America’s ‘medically fragile’ left to fend for themselves amid pandemic

Picture of Jamie Weisman
People stand in line to get tested for COVID-19 at a free walk-up testing site on July 11, 2020 in Atlanta, Georgia
People stand in line to get tested for COVID-19 at a free walk-up testing site on July 11, 2020 in Atlanta, Georgia (Photo by Elijah Nouvelage/Getty Images)

Vaccine frenzy hit my friend group in December. Health care workers were eligible first, and my colleagues at the practice where I work rushed to find appointments and post vaccine selfies. I got a vaccine, too, but unlike my friends, I knew there was a good chance it wouldn’t work.

I am one of the 10 million people in the United States who is immunocompromised. In March 2020, we were put on high alert. The groups that were most likely to die of COVID-19 were the elderly, the obese, those with serious heart and lung disease and the immunocompromised.

I have a congenital immunodeficiency, and before the COVID-19 pandemic, I’d already been sick with infections countless times. As the virus spread across the country last spring, I closed my practice to all but emergencies and switched to telemedicine. My daughter came home from college. My high schooler switched to remote school, and my husband began working from home. On April 2, 2020, the governor of Georgia issued a stay at home order. Four weeks later, he lifted it except for the elderly and “medically fragile,” who were ordered to continue sheltering in place.

The governor gave no guidance on exactly how the medically fragile were supposed to remain isolated. There was no acknowledgement that the medically fragile do not live alone, that almost all of us have jobs and responsibilities and families. The greatest fallacy was the suggestion that such sheltering was even possible for many of America’s most vulnerable people. 

My family was fortunate to be able to comply with the order. My daughters cut themselves off from their friends. My 20-year-old spent two weeks isolating in the basement when she got home from college and then could not see her friends for fear of exposing me to Covid. Once my younger daughter’s high school returned to a hybrid model, my health prevented her from returning to school. A report from New York showed an estimated 25% mortality for people with my particular disease. Virtual school was challenging enough; hybrid school was worse. My daughter sank into depression. My husband was able to work from home and support her, but we all struggled.

By May, I had to go back to work or declare my medical practice bankrupt. I had no choice. I donned PPE, a face shield, one of only a few precious N95s, and I worked.

But other medically fragile people were not able to isolate or protect themselves, and it cost them their lives. A hypertensive respiratory therapist with end-stage renal disease got COVID-19 and died. A young woman who worked in a grocery store brought COVID home, and both her parents died. Across the nation and my own state of Georgia, hundreds of thousands of the medically fragile people were exposed and died.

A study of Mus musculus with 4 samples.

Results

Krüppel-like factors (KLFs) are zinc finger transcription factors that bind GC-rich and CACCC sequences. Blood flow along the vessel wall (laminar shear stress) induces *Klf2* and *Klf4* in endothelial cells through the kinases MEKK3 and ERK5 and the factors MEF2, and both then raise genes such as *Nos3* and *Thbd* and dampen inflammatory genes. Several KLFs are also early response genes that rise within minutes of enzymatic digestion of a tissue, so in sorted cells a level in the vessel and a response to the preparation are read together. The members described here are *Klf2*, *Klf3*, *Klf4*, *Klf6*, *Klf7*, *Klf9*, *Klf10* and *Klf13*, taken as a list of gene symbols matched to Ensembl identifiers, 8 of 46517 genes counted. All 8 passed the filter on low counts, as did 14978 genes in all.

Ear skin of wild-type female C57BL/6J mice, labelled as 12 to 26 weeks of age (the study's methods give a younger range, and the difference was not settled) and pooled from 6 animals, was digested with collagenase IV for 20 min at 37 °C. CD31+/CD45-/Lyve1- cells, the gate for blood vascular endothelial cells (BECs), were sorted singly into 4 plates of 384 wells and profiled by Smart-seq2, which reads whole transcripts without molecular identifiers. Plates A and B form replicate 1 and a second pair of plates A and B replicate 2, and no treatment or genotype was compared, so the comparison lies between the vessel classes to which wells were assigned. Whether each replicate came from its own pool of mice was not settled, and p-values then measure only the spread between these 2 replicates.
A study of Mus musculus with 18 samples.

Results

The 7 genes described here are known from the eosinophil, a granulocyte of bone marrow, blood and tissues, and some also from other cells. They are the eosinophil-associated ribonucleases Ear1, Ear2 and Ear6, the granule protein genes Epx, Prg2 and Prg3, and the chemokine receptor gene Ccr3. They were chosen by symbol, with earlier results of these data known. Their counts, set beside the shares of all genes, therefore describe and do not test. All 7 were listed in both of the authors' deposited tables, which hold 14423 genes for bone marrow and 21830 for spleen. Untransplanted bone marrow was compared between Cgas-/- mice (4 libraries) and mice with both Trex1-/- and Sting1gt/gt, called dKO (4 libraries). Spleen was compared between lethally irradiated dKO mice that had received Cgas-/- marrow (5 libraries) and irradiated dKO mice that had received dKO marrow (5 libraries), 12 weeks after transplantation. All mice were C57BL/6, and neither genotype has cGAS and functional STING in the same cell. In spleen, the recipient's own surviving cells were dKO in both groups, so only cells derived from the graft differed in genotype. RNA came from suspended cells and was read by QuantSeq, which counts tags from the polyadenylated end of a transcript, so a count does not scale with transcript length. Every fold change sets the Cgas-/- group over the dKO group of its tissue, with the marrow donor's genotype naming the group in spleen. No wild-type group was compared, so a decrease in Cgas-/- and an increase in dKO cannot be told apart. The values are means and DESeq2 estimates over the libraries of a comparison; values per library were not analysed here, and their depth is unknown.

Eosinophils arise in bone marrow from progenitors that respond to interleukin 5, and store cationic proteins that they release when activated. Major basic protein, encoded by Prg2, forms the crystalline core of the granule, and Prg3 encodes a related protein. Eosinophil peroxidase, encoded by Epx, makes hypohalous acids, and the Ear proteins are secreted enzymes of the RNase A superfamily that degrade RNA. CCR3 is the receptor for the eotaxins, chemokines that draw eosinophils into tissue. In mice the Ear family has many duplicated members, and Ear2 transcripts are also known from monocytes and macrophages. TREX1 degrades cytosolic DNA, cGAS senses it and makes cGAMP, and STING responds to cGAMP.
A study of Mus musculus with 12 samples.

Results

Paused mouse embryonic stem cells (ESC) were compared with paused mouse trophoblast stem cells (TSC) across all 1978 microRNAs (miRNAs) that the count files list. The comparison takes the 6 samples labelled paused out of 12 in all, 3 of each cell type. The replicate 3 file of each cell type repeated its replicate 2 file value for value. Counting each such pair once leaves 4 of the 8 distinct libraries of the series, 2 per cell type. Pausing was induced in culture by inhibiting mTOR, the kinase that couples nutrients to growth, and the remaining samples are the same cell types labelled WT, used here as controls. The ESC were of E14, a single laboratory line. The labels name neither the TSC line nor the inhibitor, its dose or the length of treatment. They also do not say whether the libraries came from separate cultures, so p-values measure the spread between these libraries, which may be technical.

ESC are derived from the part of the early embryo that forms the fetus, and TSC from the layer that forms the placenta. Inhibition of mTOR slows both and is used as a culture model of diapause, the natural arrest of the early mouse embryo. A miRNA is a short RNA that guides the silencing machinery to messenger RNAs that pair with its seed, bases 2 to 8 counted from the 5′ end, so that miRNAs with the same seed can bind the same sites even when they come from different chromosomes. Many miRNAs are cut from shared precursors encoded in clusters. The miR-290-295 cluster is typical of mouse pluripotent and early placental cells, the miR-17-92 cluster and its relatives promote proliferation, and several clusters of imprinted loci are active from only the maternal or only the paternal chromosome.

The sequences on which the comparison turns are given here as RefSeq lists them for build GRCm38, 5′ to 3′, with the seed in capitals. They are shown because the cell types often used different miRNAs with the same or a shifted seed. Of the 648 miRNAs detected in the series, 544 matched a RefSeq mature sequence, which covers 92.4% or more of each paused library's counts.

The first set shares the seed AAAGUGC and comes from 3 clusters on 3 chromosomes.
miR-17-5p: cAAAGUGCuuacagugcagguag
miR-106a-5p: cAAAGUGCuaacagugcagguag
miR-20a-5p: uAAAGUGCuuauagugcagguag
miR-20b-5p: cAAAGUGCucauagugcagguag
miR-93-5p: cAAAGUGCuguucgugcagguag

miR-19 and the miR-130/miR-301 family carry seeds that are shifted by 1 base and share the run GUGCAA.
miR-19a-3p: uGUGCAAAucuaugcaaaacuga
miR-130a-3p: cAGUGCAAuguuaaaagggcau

It was possible to protect us. But our government made a choice to let us die when they could have made sure that anyone who lived with a vulnerable person had adequate PPE or a safe area to work, or better yet, could work from home. They could have installed ventilation systems in schools or had dedicated virtual school programs for kids with high-risk relatives in the house. They could have prioritized COVID-19 testing for people whose family members were high risk, with dedicated housing for positive patients who did not require hospitalization. All these supports were available in other countries. But in the U.S., our local and state governments and health authorities blamed the dead and dying — for being old, diabetic, overweight, for having cancer, for being weak. They deemed us all acceptable losses. We were not the deplorables. We were the disposables.

Since I had a history of not responding to other vaccines, my immunologist told me to check spike antibodies a month after my second dose of vaccine. When I saw my lab results and realized that the vaccine did not work, I sat down on the floor and sobbed for the first time that whole long year. I could not wear PPE forever. My children and my husband could not isolate forever. My vaccinated friends were posting pictures of champagne popping, hugging their parents, celebrations all around, but not for us.

My immunologist reassured me that in a year there would probably be protective antibodies in the antibody infusions I get monthly. In a year.

I am now on monthly prophylactic monoclonal antibodies, and likely as protected as a vaccinated person, but I am still distressed when I see reports reassuring vaccinated patients about what they are now free to do — Take off your mask! Travel! Dine indoors with vaccinated people! 

Immunocompromised patients were not included in the clinical trials for vaccines. We still have minimal knowledge as to how well the vaccines protect this population. It seems the plan right now is to sit back and see who gets sick. There is almost no proactive work being done, and no nuance in advice given to vaccinated people. We will be useful statistics, acceptable losses. Disposable.